Monthly Archives: December 2014

Soulfire


Modeling Soulfire

In HearthSim, Soulfire is modeled as a damage spell card with an extra “reluctance” penalty to account for its downside. In other words,
$$V_{\rm Soulfire} = V_{\rm ds} + V_{\rm penalty},$$
where \(V_{\rm ds}\) is the card’s score as a vanilla damage spell and \(V_{\rm penalty}\) is the penalty term. Keep in mind that the higher the score of a card is, the more reluctant the AI becomes when using it; the AI looks to get more value than the value of the card being played. The penalty term can be further broken down into two components: the penalty value for the card that will de discarded, and a constant term to allow us to adjust the AI’s Soulfire usage further. The card discard penalty is just the expected value of the card that will be discarded, or, in other words, the average value of the other cards in the hand. In the end, we have
$$V_{\rm Soulfire} = V_{\rm ds} + \overline{V}_{\rm others} + V_{\rm a},$$
with \(V_{\rm a}\) representing the adjustable constant penalty value.

Simulation Setup

We’ll use the standard super basic deck, replace the two Goldshire Footman with two Soulfire, and play that against the vanilla super basic deck. We use Warlock as our hero and run 10,000 simulations per configuration, resulting in a 95% confidence range of less than 1% each way.

To quantify the effects of the nerf, and to investigate how to tune the AI for best Soulfire usage, we will run simulations with Soulfire mana cost at 0 and 1, while varying the parameter \(V_{\rm a}\).

Results

Below is a plot of Player0’s (Soulfire using player) win rate:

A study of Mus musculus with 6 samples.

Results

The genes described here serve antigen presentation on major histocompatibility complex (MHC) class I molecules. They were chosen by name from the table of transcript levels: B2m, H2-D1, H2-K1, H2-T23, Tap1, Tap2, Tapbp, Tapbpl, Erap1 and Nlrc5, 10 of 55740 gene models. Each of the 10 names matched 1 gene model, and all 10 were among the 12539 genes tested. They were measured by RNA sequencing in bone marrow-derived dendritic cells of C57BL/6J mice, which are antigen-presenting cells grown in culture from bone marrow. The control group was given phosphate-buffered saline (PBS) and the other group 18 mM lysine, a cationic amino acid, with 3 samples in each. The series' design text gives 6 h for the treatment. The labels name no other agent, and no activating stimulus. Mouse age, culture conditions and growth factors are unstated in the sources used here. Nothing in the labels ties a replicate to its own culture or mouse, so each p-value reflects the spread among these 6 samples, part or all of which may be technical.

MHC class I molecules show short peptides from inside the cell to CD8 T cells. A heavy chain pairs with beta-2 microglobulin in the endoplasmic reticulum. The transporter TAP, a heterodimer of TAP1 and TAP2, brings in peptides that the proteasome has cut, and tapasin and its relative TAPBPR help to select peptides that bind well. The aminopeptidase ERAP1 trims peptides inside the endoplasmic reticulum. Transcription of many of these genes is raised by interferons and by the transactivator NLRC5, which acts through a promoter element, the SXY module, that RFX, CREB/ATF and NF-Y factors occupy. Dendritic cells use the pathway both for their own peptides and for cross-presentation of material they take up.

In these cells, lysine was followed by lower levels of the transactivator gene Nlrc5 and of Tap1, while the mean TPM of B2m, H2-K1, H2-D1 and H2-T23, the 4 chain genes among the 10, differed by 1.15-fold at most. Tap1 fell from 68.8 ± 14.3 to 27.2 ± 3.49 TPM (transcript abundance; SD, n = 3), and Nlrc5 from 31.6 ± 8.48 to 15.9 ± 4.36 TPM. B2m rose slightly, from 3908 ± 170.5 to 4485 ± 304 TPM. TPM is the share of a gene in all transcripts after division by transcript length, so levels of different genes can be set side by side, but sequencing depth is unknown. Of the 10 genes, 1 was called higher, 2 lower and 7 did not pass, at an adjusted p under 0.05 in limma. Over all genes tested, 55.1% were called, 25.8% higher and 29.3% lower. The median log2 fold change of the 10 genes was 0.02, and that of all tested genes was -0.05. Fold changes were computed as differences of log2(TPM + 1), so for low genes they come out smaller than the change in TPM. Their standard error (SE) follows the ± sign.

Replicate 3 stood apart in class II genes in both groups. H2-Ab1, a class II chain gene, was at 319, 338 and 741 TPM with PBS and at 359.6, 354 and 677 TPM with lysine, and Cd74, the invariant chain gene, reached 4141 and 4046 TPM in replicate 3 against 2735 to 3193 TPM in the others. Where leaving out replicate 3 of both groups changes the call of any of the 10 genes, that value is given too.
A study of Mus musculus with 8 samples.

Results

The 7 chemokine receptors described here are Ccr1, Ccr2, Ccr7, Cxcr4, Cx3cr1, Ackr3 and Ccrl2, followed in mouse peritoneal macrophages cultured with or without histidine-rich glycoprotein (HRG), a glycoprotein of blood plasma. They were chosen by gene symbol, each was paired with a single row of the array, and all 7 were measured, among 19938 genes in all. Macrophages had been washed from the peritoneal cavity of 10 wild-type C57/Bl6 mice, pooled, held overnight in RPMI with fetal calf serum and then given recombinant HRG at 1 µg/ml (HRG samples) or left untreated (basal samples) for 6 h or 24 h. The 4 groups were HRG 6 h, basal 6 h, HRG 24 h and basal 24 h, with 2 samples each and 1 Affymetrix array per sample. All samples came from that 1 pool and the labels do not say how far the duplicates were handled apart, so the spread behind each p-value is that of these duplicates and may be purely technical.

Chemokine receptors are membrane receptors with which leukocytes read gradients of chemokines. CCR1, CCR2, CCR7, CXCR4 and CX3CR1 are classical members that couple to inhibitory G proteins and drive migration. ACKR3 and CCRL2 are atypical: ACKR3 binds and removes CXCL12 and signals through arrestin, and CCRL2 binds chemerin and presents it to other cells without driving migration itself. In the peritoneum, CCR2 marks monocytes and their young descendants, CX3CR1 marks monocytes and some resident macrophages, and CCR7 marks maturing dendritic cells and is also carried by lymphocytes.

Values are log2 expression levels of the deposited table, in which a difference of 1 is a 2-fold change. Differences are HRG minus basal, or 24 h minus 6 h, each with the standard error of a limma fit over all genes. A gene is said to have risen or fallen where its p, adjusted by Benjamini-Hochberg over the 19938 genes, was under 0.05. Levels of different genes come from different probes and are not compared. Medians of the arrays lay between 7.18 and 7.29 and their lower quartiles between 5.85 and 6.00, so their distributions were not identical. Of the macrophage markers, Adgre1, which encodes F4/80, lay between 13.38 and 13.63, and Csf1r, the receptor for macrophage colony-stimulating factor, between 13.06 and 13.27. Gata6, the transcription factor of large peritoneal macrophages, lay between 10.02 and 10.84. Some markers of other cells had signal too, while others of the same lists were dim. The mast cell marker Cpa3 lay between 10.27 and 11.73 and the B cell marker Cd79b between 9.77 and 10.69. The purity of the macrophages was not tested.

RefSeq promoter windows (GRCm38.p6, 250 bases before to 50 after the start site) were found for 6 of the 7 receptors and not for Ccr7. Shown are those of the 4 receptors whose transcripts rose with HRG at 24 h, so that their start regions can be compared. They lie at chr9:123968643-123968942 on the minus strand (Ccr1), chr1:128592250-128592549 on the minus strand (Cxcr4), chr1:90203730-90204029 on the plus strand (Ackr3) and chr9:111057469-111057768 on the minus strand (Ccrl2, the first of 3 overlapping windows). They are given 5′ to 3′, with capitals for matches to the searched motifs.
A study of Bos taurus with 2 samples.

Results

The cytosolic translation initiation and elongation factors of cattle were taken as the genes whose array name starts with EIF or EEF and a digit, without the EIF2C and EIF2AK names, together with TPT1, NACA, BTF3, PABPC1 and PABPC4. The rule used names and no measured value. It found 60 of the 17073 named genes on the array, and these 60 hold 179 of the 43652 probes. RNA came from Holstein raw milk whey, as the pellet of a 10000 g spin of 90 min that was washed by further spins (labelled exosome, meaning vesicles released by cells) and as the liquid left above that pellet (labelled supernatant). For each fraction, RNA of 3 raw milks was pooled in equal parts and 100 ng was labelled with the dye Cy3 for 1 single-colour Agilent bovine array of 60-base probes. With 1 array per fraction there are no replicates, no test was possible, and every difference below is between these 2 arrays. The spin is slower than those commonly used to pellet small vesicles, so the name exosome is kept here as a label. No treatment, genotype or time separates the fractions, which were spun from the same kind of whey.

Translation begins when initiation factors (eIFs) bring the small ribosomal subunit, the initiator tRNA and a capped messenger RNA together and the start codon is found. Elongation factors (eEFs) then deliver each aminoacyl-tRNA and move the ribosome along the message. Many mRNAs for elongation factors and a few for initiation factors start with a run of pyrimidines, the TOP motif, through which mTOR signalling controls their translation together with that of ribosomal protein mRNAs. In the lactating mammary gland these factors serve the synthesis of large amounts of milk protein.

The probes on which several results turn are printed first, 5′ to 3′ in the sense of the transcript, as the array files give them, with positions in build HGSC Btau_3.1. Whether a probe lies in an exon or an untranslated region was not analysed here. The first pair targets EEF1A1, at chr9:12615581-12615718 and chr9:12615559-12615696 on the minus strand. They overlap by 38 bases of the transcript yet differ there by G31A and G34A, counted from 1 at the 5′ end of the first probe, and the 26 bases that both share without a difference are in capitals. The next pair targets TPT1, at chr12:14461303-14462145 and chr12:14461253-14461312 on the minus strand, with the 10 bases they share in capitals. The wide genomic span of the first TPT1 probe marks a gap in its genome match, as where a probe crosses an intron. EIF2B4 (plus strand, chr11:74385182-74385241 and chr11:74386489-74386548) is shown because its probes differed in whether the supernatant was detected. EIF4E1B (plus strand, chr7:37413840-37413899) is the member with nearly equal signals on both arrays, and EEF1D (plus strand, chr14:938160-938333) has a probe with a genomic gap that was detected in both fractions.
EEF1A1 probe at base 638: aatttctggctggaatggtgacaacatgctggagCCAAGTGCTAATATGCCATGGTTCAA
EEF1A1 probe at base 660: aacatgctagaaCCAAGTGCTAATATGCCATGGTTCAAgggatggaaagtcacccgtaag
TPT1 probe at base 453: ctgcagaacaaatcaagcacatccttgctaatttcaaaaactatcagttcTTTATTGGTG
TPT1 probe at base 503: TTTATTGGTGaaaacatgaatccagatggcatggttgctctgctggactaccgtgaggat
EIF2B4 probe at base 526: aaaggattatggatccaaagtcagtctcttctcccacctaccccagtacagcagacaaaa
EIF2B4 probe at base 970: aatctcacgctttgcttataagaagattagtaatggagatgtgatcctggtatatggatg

PlotRaw Data
V_a 0 Mana Cost 1 Mana Cost
-2 61.12% 60.15%
-1 64.78% 62.50%
0 64.42% 63.24%
1 64.80% 64.53%
2 62.10% 63.40%
5 51.22% 51.32%

First of all, we can see that Soulfire is a pretty good card overall, increasing the win rate by as much as 14% compared to Goldshire Footman. This fact may not be surprising, but it is nice to be able to quantify the difference.

Tuning \(V_{\rm a}\)

The data above shows that the optimal value of \(V_{\rm a}\) seems to be somewhere between -1 and 1. What this tells us is that Soulfire’s value can be more or less completely modeled by treating each of it’s effects independently: the 4 damage spell and the card discard effect. It turns out to be a relatively simple card to understand.

Effect of the Mana Cost Increase

What is more surprising is that the increase in mana cost (the nerf) doesn’t seem to affect the strength of the card all that much, as long as the card is being used optimally. In the 0 mana cost world, the data tells us that it was ok to use the card aggressively; the win rate with \(V_{\rm a}\) = -1 (aggressive) and \(V_{\rm a}\) = 1 (conservative) AIs performed similarly. In other words, it was such a cheap and efficient spell that you didn’t have to worry about getting the most value out of it. In the 1 mana cost world though, the demerits of using Soulfire sub-optimally are more pronounced, and a conservative and value oriented usage tends to do better. As long as proper value is realized, it appears that the mana cost difference is rather negligible, with 0 mana and 1 mana cost cases coming well within the margin of error with \(V_{\rm a}\) = 1.